Thomas Cook passengers who faced cancelled holiday plans have been dealt a second blow one month after the firm’s crash. Around 800,000 customers still remain without the money owed to them after the firm went bust last month cancelling thousands of holidays and leaving 150,000 passengers stranded abroad. The Civil Aviation Authority stated it would be issuing refunds to affected customers under the Atol scheme with a predicted completion date of 14 October. While the majority of direct debit customers have received their repayment, there remains a number of customers still empty-handed.
The CAA issued a statement at the time saying: “We began the process to refund these payments on Monday 30 September and expect them to be received within 14 days of this date.”
A message on the CAA website continues to say that all refunds will be paid “within 60 days of receiving a valid completed claim form. All automatic direct debit refunds are on track to be returned to customers by Monday 14 October.”
Despite this, customers in their masses have taken to social media to inquire why they haven’t received their refund.
A Twitter user named mark asked: “@ABTAtravel I’ve now been waiting 4 weeks for refund from @TeletextHoliday for holiday cancelled after Thomas Cook collapse. What can you do to help hurry this up?”
A woman named Debbie explained how the delay in receiving her payment was causing issues for her next planned holiday. She messaged Barclays bank saying: “@Barclaycard Hi there, don’t want to nag but do you know how long Thomas Cook refunds will take? I used my spending money to buy replacement flights & without the refund I’ll have no money to go away on 5 Nov & will have to cancel holiday.”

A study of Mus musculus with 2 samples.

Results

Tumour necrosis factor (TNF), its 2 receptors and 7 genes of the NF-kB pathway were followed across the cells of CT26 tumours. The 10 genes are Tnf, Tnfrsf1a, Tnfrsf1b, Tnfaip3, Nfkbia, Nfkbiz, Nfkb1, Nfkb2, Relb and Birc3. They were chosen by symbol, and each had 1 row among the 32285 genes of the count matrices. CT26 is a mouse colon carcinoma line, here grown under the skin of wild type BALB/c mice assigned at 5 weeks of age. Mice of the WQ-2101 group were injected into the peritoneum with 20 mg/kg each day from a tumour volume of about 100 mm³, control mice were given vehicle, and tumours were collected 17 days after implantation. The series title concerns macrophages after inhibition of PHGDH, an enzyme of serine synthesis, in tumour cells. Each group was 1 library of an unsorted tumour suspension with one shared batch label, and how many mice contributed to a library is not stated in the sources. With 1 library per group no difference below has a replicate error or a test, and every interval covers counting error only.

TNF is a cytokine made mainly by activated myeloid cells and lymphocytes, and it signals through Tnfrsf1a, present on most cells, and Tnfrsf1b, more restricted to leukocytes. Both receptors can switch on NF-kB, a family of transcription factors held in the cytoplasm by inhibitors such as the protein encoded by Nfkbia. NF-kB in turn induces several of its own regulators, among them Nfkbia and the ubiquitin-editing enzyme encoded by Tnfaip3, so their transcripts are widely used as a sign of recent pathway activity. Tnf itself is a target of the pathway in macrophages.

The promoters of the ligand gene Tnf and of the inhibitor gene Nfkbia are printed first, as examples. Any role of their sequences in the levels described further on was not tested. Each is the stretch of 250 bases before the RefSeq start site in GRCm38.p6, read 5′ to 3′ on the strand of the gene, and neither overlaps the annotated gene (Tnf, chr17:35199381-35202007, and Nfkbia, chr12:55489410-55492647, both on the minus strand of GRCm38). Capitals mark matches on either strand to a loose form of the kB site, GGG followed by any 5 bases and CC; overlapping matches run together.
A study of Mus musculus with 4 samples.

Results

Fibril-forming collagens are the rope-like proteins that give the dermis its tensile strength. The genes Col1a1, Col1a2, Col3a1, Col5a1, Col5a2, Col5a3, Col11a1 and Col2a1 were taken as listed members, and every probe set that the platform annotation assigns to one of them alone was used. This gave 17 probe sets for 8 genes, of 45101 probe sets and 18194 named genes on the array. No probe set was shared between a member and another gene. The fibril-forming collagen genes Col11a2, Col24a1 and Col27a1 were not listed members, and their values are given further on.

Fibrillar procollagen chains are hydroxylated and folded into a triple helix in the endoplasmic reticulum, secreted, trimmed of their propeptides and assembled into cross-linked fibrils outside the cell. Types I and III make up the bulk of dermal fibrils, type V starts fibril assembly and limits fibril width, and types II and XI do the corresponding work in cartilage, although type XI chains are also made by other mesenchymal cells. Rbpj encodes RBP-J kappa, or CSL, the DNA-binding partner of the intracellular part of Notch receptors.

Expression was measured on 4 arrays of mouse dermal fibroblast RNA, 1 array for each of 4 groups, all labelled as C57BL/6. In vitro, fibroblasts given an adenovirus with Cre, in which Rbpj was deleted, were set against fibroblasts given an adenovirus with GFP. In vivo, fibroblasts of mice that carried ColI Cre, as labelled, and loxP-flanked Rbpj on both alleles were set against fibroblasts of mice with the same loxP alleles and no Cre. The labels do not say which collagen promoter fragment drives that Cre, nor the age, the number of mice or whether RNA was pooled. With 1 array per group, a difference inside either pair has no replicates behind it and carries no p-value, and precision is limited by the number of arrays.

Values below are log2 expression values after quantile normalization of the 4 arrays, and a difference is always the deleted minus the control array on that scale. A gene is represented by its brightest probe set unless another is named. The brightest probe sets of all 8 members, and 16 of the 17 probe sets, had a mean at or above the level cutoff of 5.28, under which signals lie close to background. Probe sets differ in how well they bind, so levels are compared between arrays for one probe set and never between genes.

According to The Independent holidaymakers who applied for a refund as early as possible could be waiting until early December for their money.
Meanwhile, customers who chose alternative payment methods could be waiting until 2020.
The CAA added: “For bookings made by payment methods other than direct debit, directly with travel agents or where flights are with another airline, the refund process will take longer owing to the numerous and complex data processing systems Thomas Cook employed across Europe.”
Express.co.uk has reached out to the CAA for further comment.
The total bill for refunds is expected to be £420m. The cost will be met by the Air Travel Trust fund, which is made up of Atol contributions, and the CAA’s insurers, though the CAA has not revealed how it will be split.
The CAA also worked with existing airlines and the government on a repatriation effort for holidaymakers who were stranded abroad following the collapse.
However, while customers were promised refunds and flights home, ex-workers of Thomas Cook felt the same courtesy was not extended to them.
An aircraft engineer who worked for the company for 11 years said he went unpaid by the firm and is owed “near enough double” of what he has actually received.
During his interview for Channel 4’s Thomas Cook: The Rise & Fall of Britain’s Oldest Travel Agent’, the father-of-two said: “I’m never going to see it because the company’s in insolvency.
“So we just have to suck it up and take it.”